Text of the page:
Water walk makes final stop in Wellington County

Philips: 'I’m walking for the simple issue of dignity - human dignity to have clean water'

HILLSBURGH – Shane Philips, a local water activist and singer/songwriter, concluded the first stage of his “Ear to the Groundwater” tour on June 11 at BlueTriton Brands’ Hillsburgh well.

Throughout the week of June 7 to 11, Philips walked to all three wells in Wellington County owned by of BlueTriton (formerly Nestle Waters Canada).

“We still can’t see each other for the water in our blood,” Philips said.

“I’m walking for the simple issue of dignity – human dignity to have clean water.”

Philips, along with the Wellington Water Watchers (WWW), have been expressing their opposition to the company’s application for a 10-year extension on its permit to extract water from its wells in Aberfoyle and Hillsburgh.

BlueTriton also owns the Middlebrook well near Elora but officials say the company does not currently have plans to take water from this location.

Philips was joined by members of WWW at all three of his stops and was joined by members of Save Our Water, an Elora-based group, at the Middlebrook well.

He walked from Guelph to BlueTriton’s Aberfoyle bottling plant on June 7 to oppose BlueTriton’s permit application to take water from its Aberfoyle well.

On June 9, Philips spoke at the Middlebrook well in Elora. That stop focused on protecting the Middlebrook well from future water taking.

On the days between his stops at the three wells, Philips walked through the day to arrive at his next location.

On June 8 he walked for seven hours from Guelph to Middlebrook Road in Elora, and on June 10 he walked from Elora to BlueTriton’s Hillsburgh well, where the tour concluded on June 11.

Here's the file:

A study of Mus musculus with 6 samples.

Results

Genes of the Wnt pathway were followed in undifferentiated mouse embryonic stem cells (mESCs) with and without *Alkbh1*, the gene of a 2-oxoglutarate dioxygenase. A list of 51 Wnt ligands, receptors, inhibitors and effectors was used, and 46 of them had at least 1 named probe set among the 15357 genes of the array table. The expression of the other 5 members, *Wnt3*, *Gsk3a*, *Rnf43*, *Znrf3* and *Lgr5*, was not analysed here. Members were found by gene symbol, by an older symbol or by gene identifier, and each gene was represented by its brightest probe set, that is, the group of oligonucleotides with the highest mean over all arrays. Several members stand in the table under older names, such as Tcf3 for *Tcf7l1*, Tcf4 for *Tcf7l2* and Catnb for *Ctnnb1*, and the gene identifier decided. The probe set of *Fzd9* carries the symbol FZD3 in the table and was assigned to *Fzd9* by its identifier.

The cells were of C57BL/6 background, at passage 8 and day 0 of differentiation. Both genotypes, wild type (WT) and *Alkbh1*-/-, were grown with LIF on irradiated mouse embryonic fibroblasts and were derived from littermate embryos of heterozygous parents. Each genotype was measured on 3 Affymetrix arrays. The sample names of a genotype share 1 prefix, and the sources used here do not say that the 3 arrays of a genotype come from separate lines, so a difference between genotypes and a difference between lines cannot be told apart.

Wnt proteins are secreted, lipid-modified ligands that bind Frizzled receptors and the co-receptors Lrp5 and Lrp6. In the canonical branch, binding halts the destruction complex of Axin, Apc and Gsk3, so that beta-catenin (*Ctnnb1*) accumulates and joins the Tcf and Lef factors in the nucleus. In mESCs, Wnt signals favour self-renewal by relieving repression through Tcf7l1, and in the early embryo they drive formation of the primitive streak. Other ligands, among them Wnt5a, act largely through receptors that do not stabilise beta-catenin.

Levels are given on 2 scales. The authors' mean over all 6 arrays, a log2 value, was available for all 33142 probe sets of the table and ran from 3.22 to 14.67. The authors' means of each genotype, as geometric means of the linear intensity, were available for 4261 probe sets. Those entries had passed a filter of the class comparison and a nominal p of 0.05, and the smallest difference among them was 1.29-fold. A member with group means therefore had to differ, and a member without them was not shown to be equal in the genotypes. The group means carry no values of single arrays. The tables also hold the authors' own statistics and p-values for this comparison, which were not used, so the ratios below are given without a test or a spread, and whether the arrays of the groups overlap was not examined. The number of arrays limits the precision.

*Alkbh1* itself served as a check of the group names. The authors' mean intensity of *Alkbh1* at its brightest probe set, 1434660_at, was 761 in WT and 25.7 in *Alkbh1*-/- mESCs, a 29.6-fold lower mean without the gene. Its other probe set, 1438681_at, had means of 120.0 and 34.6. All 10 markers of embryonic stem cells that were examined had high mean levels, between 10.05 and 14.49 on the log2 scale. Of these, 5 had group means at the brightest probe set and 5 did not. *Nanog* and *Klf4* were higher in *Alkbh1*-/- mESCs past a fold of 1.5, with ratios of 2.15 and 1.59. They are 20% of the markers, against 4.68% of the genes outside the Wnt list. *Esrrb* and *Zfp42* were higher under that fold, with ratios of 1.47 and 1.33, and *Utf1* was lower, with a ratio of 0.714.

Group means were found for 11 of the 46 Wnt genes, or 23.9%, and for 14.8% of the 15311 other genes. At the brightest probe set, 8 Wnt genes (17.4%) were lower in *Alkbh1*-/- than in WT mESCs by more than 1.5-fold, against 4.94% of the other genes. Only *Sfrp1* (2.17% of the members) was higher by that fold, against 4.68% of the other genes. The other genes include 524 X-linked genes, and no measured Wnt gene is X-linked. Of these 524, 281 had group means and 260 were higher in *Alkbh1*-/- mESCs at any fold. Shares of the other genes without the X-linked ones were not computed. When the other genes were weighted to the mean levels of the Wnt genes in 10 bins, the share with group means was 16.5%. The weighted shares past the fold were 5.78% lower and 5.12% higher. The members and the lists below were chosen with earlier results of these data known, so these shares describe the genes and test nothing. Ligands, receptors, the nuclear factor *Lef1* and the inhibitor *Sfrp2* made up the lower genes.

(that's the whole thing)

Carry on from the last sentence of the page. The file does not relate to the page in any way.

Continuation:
At BlueTriton’s Hillsburgh well, Philips and the WWW called on the Ontario Government to deny BlueTriton’s application for the Hillsburgh well and return the land to public stewardship.

“A lot of people have come to Wellington County and to Guelph, which is putting even more burden on our water infrastructure,” Philips said.

“Water is a long-term issue, and it’s an issue that we can’t just push to the next generation. It’s too late by then.”

Philips called on the provincial government to put resources into making sure water is clean, and to ensure that Wellington County will have a future with water.

“Why can’t we provide jobs in building infrastructure for clean water right now? That would be my plan for a better future of Canada,” he said.

Shane Philips, fourth from left, with members of the Wellington Water Watchers. Photo by Curtis Gordon


“I ask people, what vision do they want for Canada and Ontario? I see a great vision where all of us thrive, where all of us are equal, where all of us can go after what we want in life, and that really starts with providing clean water.”

Although the Wellington County stage of the Ear to the Groundwater tour has come to an end, Philips said he will continue his walks throughout southwestern Ontario.

“This campaign of the ‘Ear to the Groundwater’ will continue over the summer, once we decide on the priority of where I need to walk,” he told the Advertiser.

WWW executive director Arlene Slocombe said the Hillsburgh well is not necessary to BlueTriton’s business, and that it is important that the water remain in the ground and be conserved for future generations.

“Part of this specific walk is to drive folks to make a public submission comment on the ERO (Environmental Registry of Ontario),” Slocombe said.

“Comment periods for both this Hillsburgh well and Aberfoyle well are open until June 22. Anyone interested please find the links on our website and make a submission.”

Slocombe continued, “We just need this government to hear from as many people as possible that this is not something that is supported by our community.”

BlueTriton has said that they stand with the science and data that supports their permit applications.

Earlier in the week BlueTriton clarified that it had always been the company’s intention to continue to seek renewal of its permits for the Aberfoyle and Erin plants once the moratorium ended.

BlueTriton noted the Government of Ontario’s Science and Policy Review that was conducted in 2020 confirmed water takings for bottling purposes is managed sustainably and that there is no scientific justification for regulating water bottlers any differently than other water users.